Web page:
John Coltrane and Black America's Quest for Freedom: Spirituality and the Music

John Coltrane and Black America's Quest for Freedom: Spirituality and the Music

John Coltrane and Black America's Quest for Freedom: Spirituality and the Music

John Coltrane and Black America's Quest for Freedom: Spirituality and the Music

Synopsis

Edited by prominent musician and scholar Leonard Brown, John Coltrane and Black America's Quest for Freedom: Spirituality and the Music is a timely exploration of Coltrane's sound and its spiritual qualities that are rooted in Black American music-culture and aspirations for freedom. A wide-ranging collection of essays and interviews featuring many of the most eminent figures in Black American music and jazz studies and performance --Tommy Lee Lott, Anthony Brown, Herman Gray, Emmett G. Price III, Tammy Kernodle, Salim Washington, Eric Jackson, TJ Anderson ,Yusef Lateef, Billy Taylor, Olly Wilson, George Russell, and a never before published interview with Elvin Jones -- the book examines the full spectrum of Coltrane's legacy. Each work approaches this theme from a different angle, in both historical and contemporary contexts, focusing on how Coltrane became a quintessential example of the universal and enduring qualities of Black American culture.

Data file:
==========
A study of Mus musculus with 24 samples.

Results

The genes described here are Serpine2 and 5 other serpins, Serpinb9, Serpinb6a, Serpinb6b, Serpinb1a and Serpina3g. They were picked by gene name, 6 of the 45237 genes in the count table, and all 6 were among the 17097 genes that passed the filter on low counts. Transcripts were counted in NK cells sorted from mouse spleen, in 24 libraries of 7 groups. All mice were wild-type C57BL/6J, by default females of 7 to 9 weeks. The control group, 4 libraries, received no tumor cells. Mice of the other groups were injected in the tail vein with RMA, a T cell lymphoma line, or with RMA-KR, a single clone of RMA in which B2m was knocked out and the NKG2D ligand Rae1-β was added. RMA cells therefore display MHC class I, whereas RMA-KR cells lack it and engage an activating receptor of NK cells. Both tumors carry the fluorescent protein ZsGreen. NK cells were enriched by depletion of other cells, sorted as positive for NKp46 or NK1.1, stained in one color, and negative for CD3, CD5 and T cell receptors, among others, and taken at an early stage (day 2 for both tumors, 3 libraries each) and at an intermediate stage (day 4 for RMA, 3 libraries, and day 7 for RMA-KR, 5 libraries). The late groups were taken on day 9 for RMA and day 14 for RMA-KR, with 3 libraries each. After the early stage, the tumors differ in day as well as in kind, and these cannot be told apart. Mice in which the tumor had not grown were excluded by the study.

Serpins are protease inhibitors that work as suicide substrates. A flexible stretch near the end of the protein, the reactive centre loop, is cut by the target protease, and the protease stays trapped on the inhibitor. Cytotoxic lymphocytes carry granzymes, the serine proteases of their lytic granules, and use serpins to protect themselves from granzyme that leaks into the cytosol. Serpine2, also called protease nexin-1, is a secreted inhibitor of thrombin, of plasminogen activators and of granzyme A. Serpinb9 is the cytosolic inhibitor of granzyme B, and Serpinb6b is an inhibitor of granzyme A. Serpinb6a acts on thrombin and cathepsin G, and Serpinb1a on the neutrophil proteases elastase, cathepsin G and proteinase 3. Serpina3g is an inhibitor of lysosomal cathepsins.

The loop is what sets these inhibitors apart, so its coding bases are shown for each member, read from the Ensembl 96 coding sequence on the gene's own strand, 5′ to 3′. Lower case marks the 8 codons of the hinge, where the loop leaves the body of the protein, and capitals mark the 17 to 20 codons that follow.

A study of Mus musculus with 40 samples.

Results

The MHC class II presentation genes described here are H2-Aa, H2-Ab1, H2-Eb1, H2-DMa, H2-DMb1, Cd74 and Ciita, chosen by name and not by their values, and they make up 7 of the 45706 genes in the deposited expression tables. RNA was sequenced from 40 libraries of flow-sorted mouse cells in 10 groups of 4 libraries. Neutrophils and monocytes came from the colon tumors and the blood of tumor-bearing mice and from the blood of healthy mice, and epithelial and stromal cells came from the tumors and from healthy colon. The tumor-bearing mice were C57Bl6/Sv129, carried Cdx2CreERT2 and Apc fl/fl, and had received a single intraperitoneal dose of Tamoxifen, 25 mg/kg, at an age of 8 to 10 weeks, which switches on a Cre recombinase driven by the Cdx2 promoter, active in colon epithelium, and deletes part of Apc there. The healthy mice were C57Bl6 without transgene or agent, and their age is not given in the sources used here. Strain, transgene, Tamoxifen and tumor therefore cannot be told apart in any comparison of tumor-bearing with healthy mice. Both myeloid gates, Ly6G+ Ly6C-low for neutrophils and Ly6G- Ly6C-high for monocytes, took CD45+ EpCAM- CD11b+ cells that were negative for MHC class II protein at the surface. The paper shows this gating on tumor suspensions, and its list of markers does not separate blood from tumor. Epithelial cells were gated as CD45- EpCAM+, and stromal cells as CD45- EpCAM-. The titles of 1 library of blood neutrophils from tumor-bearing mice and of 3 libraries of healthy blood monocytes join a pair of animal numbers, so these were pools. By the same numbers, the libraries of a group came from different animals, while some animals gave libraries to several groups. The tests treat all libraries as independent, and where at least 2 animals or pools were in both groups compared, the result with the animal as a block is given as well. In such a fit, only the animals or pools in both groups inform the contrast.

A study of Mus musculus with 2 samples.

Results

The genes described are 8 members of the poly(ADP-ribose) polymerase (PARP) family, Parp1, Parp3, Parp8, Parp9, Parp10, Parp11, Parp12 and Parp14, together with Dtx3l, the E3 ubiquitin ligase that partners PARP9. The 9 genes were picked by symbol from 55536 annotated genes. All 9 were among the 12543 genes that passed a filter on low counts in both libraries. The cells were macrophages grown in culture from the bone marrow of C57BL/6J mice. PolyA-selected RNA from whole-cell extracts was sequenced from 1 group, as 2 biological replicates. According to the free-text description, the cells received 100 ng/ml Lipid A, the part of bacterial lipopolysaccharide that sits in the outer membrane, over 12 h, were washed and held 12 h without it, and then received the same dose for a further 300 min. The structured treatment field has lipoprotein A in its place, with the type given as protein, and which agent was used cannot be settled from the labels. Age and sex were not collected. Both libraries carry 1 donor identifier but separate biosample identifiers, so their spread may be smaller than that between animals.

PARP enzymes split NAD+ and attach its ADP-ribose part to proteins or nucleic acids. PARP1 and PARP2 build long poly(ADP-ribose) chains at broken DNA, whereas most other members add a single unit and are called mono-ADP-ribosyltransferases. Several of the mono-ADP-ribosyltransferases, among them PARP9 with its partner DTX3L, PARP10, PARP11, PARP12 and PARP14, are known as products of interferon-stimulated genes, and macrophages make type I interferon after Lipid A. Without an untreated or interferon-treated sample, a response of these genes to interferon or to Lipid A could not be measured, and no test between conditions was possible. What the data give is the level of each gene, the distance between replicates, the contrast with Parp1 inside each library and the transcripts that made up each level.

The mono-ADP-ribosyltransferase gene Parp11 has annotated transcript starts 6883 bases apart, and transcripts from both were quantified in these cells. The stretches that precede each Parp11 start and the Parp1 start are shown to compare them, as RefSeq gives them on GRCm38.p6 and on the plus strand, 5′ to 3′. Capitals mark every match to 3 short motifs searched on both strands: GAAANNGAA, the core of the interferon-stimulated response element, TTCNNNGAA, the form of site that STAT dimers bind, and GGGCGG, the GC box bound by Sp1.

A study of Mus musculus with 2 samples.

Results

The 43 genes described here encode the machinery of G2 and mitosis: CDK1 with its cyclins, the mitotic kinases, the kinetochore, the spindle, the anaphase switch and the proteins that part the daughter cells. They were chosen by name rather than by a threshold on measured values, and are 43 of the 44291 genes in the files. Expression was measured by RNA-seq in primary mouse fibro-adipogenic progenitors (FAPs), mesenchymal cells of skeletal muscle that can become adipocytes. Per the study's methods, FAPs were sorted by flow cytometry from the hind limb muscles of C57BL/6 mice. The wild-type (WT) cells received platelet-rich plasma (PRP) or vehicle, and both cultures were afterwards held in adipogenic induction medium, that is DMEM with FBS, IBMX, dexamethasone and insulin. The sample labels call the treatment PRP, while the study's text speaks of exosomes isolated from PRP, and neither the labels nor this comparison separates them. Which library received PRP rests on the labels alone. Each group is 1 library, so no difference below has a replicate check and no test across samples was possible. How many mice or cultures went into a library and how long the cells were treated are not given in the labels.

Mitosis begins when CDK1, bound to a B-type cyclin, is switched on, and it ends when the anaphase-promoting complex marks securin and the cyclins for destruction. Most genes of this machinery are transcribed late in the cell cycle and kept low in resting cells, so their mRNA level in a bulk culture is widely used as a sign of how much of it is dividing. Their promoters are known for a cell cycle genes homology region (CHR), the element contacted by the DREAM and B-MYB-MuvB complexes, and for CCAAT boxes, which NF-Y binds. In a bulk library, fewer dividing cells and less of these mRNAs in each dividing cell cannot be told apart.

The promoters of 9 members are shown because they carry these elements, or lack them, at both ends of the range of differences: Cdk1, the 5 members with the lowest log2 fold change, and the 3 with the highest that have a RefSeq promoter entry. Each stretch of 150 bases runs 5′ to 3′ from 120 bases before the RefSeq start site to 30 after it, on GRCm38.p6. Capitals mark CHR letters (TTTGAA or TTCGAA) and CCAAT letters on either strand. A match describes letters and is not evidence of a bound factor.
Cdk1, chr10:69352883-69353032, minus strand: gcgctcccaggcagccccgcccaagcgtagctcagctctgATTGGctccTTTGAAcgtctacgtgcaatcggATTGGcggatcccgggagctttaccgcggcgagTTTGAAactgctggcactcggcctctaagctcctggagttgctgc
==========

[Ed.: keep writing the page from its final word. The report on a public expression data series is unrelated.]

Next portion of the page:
Excerpt

T. J. anderson

“You plod up into the electric city—
Your song now crystal and
the blues. You pick up the horn
with some will and blow
into the freezing night:
a love supreme, a love supreme—

—Michael S. Harper, “Dear John, Dear Coltrane”

A long-awaited testimonial to the influence of John Coltrane, this book includes contributions from several knowledgeable voices, each one articulating a particular aspect of our musical culture.

Why now? What is the importance of these works? At this time, we are experiencing a crisis—the lack of intellectual respect for a culture that has been subjected to both the best and worst of American attitudes. It is particularly significant that these works come directly from African American culture. These writers share with John Coltrane the legacy of slavery, segregation, and personal experiences. the words of the Negro spiritual, “Sometimes I feel like a motherless child, a long way from home” echo even now. Yet, the pursuit for the true meaning of America in idealism, democratic liberalism, and civil disobedience serves as a harbinger for what is now. the spirituality of hope sustains these writers. That is why they speak. the music reflects their ideals and spiritualism.

Michael S. Harper, “Dear John, Dear Coltrane” from Songlines in Michaeltree: New and Collected Poems. Copyright © 2000 by Michael S. Harper. Used with author’s permission.